On 9/6/2010 6:45 PM, Rex Allen wrote:
On Sat, Sep 4, 2010 at 11:07 PM, Brent Meeker<meeke...@dslextreme.com>  wrote:
On 9/4/2010 5:28 PM, Rex Allen wrote:
That still makes them physicalist theories, not quasi-physicalist.  As
long as the mad scientist and his vats/computers are physical.

Does this mad scientist have free will, i.e. can he act independent of any
physical constraints in our universe?  Then he's *super* our natural.
Hmmm.  This is a peculiar direction for you to go.  Why would I think
the mad scientist has "free will"?

Again, I don't even think free will is conceivable.

Every decision is either caused, or it's not caused.  I see no third option.

If the decision was not caused, then it's random.  No free will.

If the decision is caused, then what caused the cause?  And what
caused the cause of the cause?  And so on.  The decision is a link in
a causal chain which must eventually be traced outside the person
making the choice.  No free will.

I assume that by "free will" you mean that the mad scientist is
ultimately responsible for his actions.  But I don't see how that
could ever be the case.

We'd just be inside the Matrix.  Nothing supernatural about that.

Yes it is.  It's "super" our natural.  Anything can happen - no physical
Anything can happen in dreams too - no physical laws apply there.  But
dreams aren't generally considered supernatural occurrences.

Being inside the Matrix is just like being inside a dream.  A more
coherent, orderly dream.  But a kind of dream nonetheless.

Assuming physicalism, the physical world causes our dream experiences.

Assuming physicalism, the physical world causes our Matrix experiences.

Finding out you were in the Matrix would be equivalent to realizing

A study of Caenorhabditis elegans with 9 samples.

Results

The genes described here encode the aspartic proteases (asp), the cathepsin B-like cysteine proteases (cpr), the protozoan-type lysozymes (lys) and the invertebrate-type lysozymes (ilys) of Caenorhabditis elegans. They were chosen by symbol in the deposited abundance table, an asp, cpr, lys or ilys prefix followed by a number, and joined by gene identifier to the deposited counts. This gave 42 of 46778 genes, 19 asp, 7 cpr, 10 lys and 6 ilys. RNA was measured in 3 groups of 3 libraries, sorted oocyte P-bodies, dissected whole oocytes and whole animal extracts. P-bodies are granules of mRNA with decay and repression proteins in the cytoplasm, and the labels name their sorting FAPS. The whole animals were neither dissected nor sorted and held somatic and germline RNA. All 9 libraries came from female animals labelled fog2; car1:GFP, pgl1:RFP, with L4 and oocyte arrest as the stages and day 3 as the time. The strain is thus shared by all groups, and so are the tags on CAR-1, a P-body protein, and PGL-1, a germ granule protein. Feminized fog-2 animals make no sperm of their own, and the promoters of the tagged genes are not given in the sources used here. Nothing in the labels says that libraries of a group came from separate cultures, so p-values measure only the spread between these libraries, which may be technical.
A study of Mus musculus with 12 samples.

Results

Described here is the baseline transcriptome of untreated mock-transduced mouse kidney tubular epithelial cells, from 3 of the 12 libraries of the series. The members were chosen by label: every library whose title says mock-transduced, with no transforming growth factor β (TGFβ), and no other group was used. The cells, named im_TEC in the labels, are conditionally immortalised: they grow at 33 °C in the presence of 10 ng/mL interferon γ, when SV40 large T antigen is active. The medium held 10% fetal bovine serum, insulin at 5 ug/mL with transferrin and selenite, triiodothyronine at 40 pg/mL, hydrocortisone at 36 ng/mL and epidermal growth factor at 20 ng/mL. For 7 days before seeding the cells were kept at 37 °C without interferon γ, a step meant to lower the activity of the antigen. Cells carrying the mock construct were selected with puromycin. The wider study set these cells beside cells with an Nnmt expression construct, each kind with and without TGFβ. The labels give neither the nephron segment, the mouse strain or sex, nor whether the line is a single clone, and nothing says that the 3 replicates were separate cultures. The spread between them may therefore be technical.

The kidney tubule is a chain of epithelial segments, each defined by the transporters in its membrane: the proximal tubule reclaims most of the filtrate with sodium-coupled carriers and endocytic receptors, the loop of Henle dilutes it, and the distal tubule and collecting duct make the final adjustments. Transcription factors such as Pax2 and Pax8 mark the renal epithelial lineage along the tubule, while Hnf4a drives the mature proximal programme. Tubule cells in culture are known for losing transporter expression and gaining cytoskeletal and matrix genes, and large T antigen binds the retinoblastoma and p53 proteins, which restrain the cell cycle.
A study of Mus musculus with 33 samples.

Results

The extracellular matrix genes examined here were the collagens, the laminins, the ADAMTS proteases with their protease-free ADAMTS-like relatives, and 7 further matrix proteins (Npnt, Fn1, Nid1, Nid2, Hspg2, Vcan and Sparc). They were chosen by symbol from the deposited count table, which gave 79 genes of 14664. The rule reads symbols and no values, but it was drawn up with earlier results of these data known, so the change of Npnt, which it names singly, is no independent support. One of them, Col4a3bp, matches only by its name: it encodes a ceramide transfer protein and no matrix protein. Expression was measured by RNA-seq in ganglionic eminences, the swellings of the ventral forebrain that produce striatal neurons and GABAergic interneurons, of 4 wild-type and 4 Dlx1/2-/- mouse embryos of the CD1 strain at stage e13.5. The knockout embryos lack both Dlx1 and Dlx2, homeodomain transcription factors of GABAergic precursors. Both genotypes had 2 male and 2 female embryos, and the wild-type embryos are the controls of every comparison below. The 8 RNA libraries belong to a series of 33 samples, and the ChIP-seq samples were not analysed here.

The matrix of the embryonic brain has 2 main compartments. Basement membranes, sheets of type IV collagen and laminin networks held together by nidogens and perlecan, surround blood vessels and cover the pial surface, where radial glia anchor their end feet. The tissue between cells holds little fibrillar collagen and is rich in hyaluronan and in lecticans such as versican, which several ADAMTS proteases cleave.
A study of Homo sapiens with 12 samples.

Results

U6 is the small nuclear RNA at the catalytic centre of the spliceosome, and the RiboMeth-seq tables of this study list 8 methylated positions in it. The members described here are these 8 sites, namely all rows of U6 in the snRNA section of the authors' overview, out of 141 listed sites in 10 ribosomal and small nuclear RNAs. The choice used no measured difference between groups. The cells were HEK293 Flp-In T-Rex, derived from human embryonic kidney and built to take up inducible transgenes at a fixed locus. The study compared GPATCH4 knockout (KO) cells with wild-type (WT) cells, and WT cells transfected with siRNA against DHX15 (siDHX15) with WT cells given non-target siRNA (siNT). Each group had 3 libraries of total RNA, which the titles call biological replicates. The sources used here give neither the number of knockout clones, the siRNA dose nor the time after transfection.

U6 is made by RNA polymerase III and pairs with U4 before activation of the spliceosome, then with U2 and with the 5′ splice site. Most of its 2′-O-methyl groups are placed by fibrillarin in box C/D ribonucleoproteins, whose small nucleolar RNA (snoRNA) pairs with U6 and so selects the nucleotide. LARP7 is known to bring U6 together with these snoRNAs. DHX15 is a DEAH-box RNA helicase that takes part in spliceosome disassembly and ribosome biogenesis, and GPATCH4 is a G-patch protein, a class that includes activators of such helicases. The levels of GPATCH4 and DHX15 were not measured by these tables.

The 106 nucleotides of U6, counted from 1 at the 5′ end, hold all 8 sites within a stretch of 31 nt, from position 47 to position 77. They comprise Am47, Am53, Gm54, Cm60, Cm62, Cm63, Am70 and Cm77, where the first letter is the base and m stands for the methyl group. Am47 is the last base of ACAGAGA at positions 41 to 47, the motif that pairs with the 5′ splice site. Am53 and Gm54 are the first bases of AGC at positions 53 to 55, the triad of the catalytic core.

you were in a dream.

This is fine.  As long as you're not claiming that physicalism is
superior to idealistic accidentalism by virtue of being falsifiable.

I'm not.  But I claim that particular physical theories are falsifiable,
whereas idealistic accidentalism either has no theories or has ones that are
not falsifiable - depending on how you look at it.
But it doesn't matter that particular physical theories are
falsifiable, because in the event of falsification you will always
just fall back to another physical theory.  With the many-worlds
interpretation serving as an ultimate safety net.

Further, physicalism isn't necessary to formulate falsifiable
theories.  Take, for instance, "idealistic occasionalism".  Here
mathematical theories would be interpreted as describing the patterns
behind God's causal interventions so that you can predict what God
will cause to happen next.  If your theory gets falsified then you
theorized incorrectly about the pattern behind God's actions.

The existence of God himself is taken as a given.  As the existence of
a physical substrate is taken as a given in physicalism.

However, note that both physicalism and idealistic occasionalism have
similar problems when you put yourself inside the framework of your
theory:  the formulation of the theories is a result of the underlying
mechanism that is being theorized about.

So if the idealistic occasionalist theorized correctly, this can only
be because God *caused* him to theorize correctly.

Alternatively, if the physicalist theorizes correctly, this can only
be because his universe's particular initial conditions and causal
laws *caused* him to theorize correctly.

Indeed.  The same goes for the "physical".

What's good for the goose is good for the gander.

Exactly my point.  What's your definition of "physicalism"?
I would say that physicalism is the claim that *all* conscious
experiences are due to the independent existence of some other more
fundamental set of entities (particles, fields, wavefunctions,
strings, whatever) whose nature must be such that their existence and
properties are (in principle) directly inferable from the details of
our sensory data and serve some role in generating that sensory data.

But in that case the conscious experiences and the existence of those particles are *not* independent. Your definition seems incoherent.


Note that the "in principle" qualifier is meant to include
counterfactuals...i.e., the existence and properties of these entities
*would be* directly inferable from the details of our sensory data if
some particular scenario were to occur.